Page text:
How 'color-coding' your money can help you prepare for retirement

Saving up for retirement can be simpler than you might think. At Capital Financial the color-coded bucket strategy helps people ensure that they'll have a protected nest egg come retirement.

Posted Updated
Abbey Slattery
, WRAL Digital Solutions
This article was written for our sponsor, Capital Financial USA.

Planning your financial future can be intimidating, which may be why almost half of all Americans lack a concrete retirement plan.

However, developing a strong retirement strategy now will pay dividends in the future, and, luckily, the process is not as difficult as it might seem. In reality, creating your retirement fund can be as simple as color-coding your finances based on what is at-risk, what is protected, and what is readily available.

The first step in the color-coding strategy is to calculate exactly how much you should set aside and in what ways that money will be used — whether that's savings accounts, stocks, bonds or other investments.

At Capital Financial Advisory Group, financial advisors like Marty Hensley help clients calculate the breakdown of this number by using the Rule of 100, a savings strategy based on age.

"What we do is take 100 minus your current age. In our minds, that result is the maximum amount of money that should be at risk," Hensley said. "To simplify that, if someone came in and said, 'I have $1 million, and I am 70 years old.' One hundred minus 70 is 30, so that individual would have $300,000 at risk, and they would have $700,000 protected."

He continued, "We use those numbers in combination with each other. That protected money is where the client has reliable, predictable income and retirement funds, and they know that a major portion of their investment portfolio is protected against loss."

In determining the distinction between at-risk versus protected money, it's simple: protected money isn't subject to the risk of the overall market and is often insured against loss, while at-risk money can lose its value at any time.

To put this concept into practice, imagine you have three buckets. One — the at-risk money — is red. Another —the protected money — is green. The last bucket — yellow — contains three to six months' worth of living expenses, which is always available, but has no real chance of gain. By utilizing the Rule of 100, you should be able to calculate exactly how much money you should have in each bucket.

"If that investment can lose value, we put that in the risk bucket — red money is 100 percent at-risk. Anything in the green bucket — what we call our personal pension bucket — is safe and has 100 percent principal protection against any loss and is not subjected to the risk of the overall market. The yellow bucket is about three to six months' worth of living expenses," Hensley said. "At Capital Financial, we think that there should be a combination of the money that's in the red, green and yellow bucket, and the amount of which varies depending on age."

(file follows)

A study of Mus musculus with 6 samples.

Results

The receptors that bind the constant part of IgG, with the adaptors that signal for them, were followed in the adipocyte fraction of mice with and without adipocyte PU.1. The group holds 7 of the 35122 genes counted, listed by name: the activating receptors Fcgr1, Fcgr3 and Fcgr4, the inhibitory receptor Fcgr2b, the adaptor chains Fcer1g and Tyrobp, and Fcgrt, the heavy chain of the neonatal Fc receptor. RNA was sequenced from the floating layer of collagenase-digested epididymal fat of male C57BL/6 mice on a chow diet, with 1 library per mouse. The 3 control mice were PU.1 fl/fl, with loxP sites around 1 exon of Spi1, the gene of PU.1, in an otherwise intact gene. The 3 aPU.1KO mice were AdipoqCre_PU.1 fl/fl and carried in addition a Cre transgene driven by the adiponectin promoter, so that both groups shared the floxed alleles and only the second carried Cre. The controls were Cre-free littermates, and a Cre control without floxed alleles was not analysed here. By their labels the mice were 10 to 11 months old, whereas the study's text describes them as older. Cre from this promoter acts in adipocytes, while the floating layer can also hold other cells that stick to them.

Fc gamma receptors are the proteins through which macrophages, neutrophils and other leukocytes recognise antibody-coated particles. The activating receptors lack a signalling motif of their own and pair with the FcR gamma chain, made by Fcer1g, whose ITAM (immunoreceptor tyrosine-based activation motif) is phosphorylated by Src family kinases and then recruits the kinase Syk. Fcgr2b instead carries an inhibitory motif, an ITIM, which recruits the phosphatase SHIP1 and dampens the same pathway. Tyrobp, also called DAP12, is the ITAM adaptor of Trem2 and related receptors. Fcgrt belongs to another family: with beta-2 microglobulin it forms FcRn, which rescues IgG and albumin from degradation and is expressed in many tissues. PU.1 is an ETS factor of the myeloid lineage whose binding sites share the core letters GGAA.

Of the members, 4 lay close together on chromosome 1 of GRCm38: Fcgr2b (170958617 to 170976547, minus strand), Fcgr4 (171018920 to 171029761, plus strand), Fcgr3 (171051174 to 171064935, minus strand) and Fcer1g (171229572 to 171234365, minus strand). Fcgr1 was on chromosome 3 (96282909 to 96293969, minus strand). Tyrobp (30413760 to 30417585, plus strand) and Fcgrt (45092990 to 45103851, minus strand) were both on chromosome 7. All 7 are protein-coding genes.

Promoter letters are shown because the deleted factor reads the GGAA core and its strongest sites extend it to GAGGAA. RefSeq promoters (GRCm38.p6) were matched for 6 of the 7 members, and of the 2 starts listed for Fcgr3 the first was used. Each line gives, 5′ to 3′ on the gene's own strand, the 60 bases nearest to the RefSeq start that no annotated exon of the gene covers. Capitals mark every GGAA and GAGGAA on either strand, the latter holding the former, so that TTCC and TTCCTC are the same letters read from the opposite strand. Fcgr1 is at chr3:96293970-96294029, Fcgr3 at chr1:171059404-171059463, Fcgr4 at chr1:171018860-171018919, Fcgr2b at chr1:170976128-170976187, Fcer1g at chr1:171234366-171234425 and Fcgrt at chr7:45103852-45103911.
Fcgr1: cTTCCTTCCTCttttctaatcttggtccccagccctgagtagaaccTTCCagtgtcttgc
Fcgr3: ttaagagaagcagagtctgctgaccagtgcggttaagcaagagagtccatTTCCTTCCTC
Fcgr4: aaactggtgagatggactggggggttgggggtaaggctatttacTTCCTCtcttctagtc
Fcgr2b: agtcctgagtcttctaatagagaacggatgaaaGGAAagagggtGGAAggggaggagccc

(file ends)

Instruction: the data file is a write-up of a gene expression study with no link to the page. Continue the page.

For example, if an individual was 60 years old, based on the Rule of 100, they should have 40 percent of their money in the red, at-risk bucket, perhaps invested in the stock market; and 60 percent in the green, protected bucket, like a savings account. Money in a savings account is relatively safe from risk and can build interest, while money in the stock market is affected by daily fluctuations and has the potential to skyrocket or plummet in a short time.

As individuals age into their 60s and retirement grows closer, risk becomes more dangerous, making mitigation of the red bucket the focus of any financial strategy. For those who are thinking ahead for retirement at a young age, however, there's more freedom to explore those risks. While it's wise to get started on retirement planning sooner rather than later, it's never too late, and utilizing the color-coded bucket strategy helps simplify an often intimidating process.

"We've been doing this for a while and our bucketing strategy is primarily for education. We can help people see where their money is currently, and then — if we know where it is — we can have a guide moving forward," Hensley said. "At that point, it's easy to say, 'Well, at least I understand how much of my money is at risk, how much is protected and how much I have in the bank.'"

This article was written for our sponsor, Capital Financial USA.